Human rights activist went ‘missing’ on Nov. 13, 2019, with Ministry of Defense confirming in June he was in its custody
Human Rights group Amnesty International on Friday called on the Government of Pakistan to “immediately” disclose the location of activist Idris Khattak, whose exact whereabouts remain a mystery a year after he went “missing.”
“A year after he was taken from them, Idris Khattak’s family remain completely in the dark about where he is being kept, his state of health, and the legal process he is being put through, if any,” said Omar Waraich, head of Amnesty International’s South Asia operations. “The Pakistani authorities must end this intolerable situation by disclosing his whereabouts and allowing him regular access to his family and lawyer,” he added.
Khattak, a human rights activist who has been campaigning for an end to “enforced disappearances” for several years, was “abducted” while traveling from Islamabad to Peshawar on Nov. 13, 2019. After more than six months of no information on his whereabouts, the Ministry of Defense confirmed that he was in their custody and had been charged with treason under the Official Secrets Act—a charge punishable by death. He would be tried in a military court, they added.
“As with all enforced disappearance cases, Idris Khattak’s legal status has been shrouded in unacceptable secrecy. No information has been provided about the nature of the charges against him, whether he has legal representation, or even if his trial has started,” said Waraich. “As a first step, the Pakistani authorities must bring him before a judge in a civilian court to rule on the lawfulness of his arrest and detention,” he added.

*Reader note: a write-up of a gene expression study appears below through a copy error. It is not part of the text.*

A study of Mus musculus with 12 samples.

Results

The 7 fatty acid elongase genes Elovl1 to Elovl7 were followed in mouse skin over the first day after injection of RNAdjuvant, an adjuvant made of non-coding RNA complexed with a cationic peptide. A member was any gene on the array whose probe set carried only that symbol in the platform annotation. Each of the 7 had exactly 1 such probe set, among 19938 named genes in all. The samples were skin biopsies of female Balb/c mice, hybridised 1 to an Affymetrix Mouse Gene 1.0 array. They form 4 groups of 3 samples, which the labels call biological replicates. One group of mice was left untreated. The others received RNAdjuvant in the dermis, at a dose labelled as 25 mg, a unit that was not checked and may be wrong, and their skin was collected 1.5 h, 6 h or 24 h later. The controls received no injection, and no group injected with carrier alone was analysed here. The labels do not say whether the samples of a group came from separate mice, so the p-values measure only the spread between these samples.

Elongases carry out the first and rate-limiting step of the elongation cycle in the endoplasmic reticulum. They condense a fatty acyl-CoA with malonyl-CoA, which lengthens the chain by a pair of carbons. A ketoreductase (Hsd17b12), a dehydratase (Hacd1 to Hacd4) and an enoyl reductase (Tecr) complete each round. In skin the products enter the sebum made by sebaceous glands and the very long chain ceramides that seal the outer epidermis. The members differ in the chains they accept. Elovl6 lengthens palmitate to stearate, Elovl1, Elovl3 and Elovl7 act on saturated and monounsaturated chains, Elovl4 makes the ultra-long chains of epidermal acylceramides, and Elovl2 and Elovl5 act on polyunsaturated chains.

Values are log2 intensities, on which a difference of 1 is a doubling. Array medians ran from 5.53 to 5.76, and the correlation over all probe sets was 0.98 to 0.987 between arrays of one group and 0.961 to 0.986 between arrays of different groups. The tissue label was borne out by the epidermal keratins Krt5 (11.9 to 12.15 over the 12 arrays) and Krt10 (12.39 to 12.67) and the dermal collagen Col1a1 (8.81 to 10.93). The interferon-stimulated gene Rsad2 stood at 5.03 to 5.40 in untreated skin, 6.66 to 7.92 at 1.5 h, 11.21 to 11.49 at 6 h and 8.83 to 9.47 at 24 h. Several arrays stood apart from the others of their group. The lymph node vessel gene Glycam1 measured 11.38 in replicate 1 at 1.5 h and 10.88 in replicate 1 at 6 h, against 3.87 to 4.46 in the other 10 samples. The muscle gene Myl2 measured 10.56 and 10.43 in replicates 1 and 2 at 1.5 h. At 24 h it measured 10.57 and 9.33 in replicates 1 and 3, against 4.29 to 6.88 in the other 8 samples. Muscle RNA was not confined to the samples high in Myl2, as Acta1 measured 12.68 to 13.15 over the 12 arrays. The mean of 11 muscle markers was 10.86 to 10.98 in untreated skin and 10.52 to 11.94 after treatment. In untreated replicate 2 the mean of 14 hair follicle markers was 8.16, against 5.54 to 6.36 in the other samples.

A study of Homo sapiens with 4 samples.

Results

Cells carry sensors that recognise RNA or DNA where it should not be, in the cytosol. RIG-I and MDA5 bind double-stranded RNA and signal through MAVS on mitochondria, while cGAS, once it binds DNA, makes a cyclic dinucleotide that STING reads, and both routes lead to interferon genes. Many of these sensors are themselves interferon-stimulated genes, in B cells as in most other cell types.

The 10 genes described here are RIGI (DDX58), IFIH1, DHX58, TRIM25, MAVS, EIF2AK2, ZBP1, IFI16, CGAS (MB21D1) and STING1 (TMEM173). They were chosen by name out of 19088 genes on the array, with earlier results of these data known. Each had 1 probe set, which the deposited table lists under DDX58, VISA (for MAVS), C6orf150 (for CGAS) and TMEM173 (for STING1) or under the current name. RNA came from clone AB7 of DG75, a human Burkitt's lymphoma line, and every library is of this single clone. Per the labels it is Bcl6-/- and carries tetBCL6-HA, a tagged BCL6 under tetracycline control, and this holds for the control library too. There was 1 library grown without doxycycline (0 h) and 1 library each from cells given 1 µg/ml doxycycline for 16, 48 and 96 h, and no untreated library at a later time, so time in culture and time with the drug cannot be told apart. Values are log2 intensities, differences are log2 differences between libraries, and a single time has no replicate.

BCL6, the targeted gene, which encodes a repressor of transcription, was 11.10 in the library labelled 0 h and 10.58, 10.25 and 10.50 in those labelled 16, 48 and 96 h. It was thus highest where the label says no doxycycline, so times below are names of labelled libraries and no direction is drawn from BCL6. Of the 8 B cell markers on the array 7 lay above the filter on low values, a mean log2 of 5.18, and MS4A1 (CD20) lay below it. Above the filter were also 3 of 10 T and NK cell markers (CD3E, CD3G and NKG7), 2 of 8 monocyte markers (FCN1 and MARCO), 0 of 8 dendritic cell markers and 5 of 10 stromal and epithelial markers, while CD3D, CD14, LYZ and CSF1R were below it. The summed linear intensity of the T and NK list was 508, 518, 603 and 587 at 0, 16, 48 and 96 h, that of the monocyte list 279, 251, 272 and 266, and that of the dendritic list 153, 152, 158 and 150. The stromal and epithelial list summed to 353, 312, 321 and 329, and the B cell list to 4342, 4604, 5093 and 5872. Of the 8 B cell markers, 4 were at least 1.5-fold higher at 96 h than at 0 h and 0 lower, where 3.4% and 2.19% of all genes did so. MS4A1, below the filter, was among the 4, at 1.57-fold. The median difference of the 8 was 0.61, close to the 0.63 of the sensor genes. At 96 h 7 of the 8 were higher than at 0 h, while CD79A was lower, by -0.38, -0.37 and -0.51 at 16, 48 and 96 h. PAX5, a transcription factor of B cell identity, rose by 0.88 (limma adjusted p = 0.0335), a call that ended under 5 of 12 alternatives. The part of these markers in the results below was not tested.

In its statement, Amnesty International has raised questions about the use of a military court for the trial, noting that these courts often flout due process and human rights and lack any transparency. “Moreover, the OSA is a law that can only be used to charge state officials, not civilians,” it added.
Khattak’s family has repeatedly asserted that he suffers from diabetes and back problems. Due to a lack of any information about his circumstances, it is unclear if he has access to the medical care he needs while in detention. “Following promises of a clampdown by the government, enforced disappearances remain an all-too-common occurrence in Pakistan. Despite an open admission from the authorities that Idris Khattak was abducted, those responsible have enjoyed complete impunity so far,” said Waraich. “The Pakistani government must immediately make good on their pledge to criminalize this cruel practice,” he added.
According to an application submitted by Khattak’s family to police, four plainclothes men “abducted” Khattak and his driver on Nov. 13, 2019. The driver was released on Nov. 15. Amnesty has noted that the incumbent Pakistan Tehreek-e-Insaf government was elected on promises to end enforced disappearances. As recently as September, Human Rights Minister Shireen Mazari tweeted that Prime Minister Imran Khan found the practice “unacceptable.” Despite this, there has been no progress on any legislation to criminalize the practice or ensure it is eradicated.